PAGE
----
Mukula, who heads NRM in the Eastern Region said: “It is not yet very clear how we fit…All oil marketing companies, including us (Mahathi Infra Uganda), will now be buying from one supplier UNOC. We should have been given a chance to compete…,” Mukula said.

As Parliament passed the Petroleum Supply (Amendment), Bill 2023, giving UNOC monopoly advantage, Nathan Nandala-Mafabi, the Budadiri County West legislator was afraid that this is likely to enrich Vitol at the expense of Uganda.

“It would have been better that we give UNOC money to trade directly. When we bring in Vitol the shareholder of Vivo energy that trades as Shell, I can tell you we might be helping them to make more money instead of benefiting Ugandans,” Nandala-Mafabi, an economist, said.

Nandala-Mafabi, also the Forum for Democratic Change (FDC) party Secretary General added, “Vitol will now source for money all over the world to supply us oil but there will be interest, so the moment we approve a monopoly fuel prices will be high”. Nandala operates some fuel outlets in Uganda.

From the complaints of the two politicians, it appears government rushed with the deal without much preparations, especially that it did not fully scrutinise how Vitol with costly fuel deals in neighbouring Tanzania and other countries in Africa, does its business.

Another concern is that government has not yet published the deal with Vitol, for Ugandans to be sure of whether they will not be cheated, given that some of the money UNOC will be using for operations will be from taxes. A section of the public think government did not involve oil experts as it selected Vitol, which is not clean, as government would want Ugandans to believe.

For instance, in Tanzania, Vitol imported with a cartel and inflated delivered premiums vs neighbouring markets. This cost retailers millions in lost earnings. This can be shown in the analysis when compared with the Kenya OTS imports.

 In Zambia, diesel they imported recently was off specification on sulphur when trucks were tested.  In Bangladesh, during the gas crisis and high gas prices, they flaked on government supply, pocketing over $1 billion. Bangladesh was forced to find alternative supply to ensure 160 million people had power, but it cost the government billions of dollars.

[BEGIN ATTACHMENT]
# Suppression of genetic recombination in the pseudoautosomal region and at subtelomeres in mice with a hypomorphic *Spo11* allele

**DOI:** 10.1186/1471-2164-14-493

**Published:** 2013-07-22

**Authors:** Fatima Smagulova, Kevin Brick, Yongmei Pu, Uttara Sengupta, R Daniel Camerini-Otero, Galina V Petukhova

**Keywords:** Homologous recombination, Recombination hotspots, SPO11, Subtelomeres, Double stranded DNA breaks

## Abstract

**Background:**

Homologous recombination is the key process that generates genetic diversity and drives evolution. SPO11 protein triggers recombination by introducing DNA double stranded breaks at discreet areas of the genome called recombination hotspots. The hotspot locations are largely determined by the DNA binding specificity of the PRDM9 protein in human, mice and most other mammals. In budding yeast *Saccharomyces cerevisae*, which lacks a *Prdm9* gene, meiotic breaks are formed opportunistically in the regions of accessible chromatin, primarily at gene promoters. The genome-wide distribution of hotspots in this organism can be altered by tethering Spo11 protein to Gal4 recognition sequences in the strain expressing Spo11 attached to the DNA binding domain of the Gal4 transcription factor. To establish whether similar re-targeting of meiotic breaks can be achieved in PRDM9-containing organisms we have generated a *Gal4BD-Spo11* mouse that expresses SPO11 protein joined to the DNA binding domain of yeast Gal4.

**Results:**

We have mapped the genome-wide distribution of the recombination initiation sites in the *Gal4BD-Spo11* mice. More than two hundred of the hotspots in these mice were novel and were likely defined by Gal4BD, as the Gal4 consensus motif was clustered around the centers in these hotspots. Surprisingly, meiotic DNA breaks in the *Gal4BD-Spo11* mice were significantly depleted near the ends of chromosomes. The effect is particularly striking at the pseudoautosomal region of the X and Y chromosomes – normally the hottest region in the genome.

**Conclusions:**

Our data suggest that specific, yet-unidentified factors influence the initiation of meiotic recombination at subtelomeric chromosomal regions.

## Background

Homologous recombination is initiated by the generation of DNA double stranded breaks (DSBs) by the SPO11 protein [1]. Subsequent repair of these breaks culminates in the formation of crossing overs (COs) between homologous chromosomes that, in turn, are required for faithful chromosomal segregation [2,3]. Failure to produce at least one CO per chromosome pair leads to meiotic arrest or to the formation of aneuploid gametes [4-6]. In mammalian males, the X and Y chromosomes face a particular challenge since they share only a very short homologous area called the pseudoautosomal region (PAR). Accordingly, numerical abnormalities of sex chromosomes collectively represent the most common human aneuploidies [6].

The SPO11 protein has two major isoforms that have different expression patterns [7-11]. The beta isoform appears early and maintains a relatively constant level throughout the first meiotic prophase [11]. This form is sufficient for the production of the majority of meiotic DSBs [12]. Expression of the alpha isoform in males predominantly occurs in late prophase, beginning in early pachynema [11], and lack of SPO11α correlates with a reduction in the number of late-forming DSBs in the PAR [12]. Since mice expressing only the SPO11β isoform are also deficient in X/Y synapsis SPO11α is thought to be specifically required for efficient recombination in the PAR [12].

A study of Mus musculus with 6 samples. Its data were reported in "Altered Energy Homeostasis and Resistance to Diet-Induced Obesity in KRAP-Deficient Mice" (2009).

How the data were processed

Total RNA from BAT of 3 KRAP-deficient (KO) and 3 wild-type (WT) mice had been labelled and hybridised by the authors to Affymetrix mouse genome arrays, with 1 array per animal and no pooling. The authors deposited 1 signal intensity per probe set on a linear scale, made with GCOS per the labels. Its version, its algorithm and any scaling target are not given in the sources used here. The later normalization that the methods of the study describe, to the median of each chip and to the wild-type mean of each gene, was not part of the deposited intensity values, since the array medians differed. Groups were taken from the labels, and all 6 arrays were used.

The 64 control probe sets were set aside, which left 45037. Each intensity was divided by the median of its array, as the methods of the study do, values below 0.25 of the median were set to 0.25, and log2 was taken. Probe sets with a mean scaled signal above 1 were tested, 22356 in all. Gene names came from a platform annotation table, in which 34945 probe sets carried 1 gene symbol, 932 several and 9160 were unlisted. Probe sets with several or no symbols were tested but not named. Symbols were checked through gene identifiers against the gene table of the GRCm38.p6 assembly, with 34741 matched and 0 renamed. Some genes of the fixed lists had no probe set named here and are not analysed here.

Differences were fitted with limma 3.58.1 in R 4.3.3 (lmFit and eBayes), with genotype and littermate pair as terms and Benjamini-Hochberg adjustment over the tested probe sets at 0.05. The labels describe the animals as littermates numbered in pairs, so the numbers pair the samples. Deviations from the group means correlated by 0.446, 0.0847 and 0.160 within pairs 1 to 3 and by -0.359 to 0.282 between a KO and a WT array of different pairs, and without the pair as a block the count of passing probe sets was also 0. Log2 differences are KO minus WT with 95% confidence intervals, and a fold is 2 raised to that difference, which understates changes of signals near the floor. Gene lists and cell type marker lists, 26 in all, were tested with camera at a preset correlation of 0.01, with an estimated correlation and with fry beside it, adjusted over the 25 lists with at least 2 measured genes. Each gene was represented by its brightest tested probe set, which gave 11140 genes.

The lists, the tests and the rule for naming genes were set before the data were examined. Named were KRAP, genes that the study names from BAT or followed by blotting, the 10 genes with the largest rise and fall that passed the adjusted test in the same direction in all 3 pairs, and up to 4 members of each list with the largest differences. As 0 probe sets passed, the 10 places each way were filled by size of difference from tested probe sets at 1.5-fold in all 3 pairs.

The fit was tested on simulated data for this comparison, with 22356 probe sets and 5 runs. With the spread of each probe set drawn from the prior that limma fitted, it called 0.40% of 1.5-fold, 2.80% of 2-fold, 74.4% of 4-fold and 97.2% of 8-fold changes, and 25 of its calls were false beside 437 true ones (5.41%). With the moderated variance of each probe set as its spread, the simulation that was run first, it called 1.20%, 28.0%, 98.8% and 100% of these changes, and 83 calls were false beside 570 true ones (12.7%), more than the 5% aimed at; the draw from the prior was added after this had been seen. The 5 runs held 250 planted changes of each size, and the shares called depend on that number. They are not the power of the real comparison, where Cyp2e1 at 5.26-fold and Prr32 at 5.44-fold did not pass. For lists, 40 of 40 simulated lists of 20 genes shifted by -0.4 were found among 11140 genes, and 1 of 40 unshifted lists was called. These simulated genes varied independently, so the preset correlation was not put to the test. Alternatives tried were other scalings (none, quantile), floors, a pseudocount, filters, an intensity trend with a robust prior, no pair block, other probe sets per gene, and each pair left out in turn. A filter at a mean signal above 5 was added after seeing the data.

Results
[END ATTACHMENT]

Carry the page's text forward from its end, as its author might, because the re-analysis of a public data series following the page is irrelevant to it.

US Department of Justice fined Vitol $164 million for bribery in Ecuador and Mexico. This was reported by Reuters and Bloomberg. The U.S. fined Vitol for market price manipulation on fuel imports for California (Bloomberg). Vitol exploited UK households of over $500 million on power prices (UK media).

The government of Uganda must take the above matters seriously as it plans to deal with Vitol. Ugandans are tired of deals that take away the little income that they can spare, especially when it comes to petroleum products.

The government must know that Ugandans have not forgotten the bad deals signed with private companies, such as the UMEME contract, of which the taxpayers are to lose money after government said it would not renew the contract after 2025. In April 2023, the Ministry of Energy and Mineral Development indicated that based on a computation made in December 2022, Government is expected to pay Umeme $215 million at the end of the concession in 2025

The citizens have not forgotten the tricky $200 million Entebbe Airport Agreement between the Government and the Export-Import Bank of China, which government tried to renegotiate as mentioned by Finance Minister Matia Kasaija not so long ago.

In addition, that Vitol will only deliver the petroleum products in Kenya, from where UNOC will pick them makes matters worse, as the latter now will have to negotiate with owners of logistics facilities in Kenya, so that Uganda’s products are stored there, and the Kenyans will dictate storage prices, which will in the end be passed on to Ugandan consumers. However, that UNOC will have to register in Kenya in order to do that business makes matters worse as issues of bureaucracy and sabotage will arise. These are some of the matters that indicate the UNOC, Vitol deal is dangerous to Ugandans, which requires government to listen.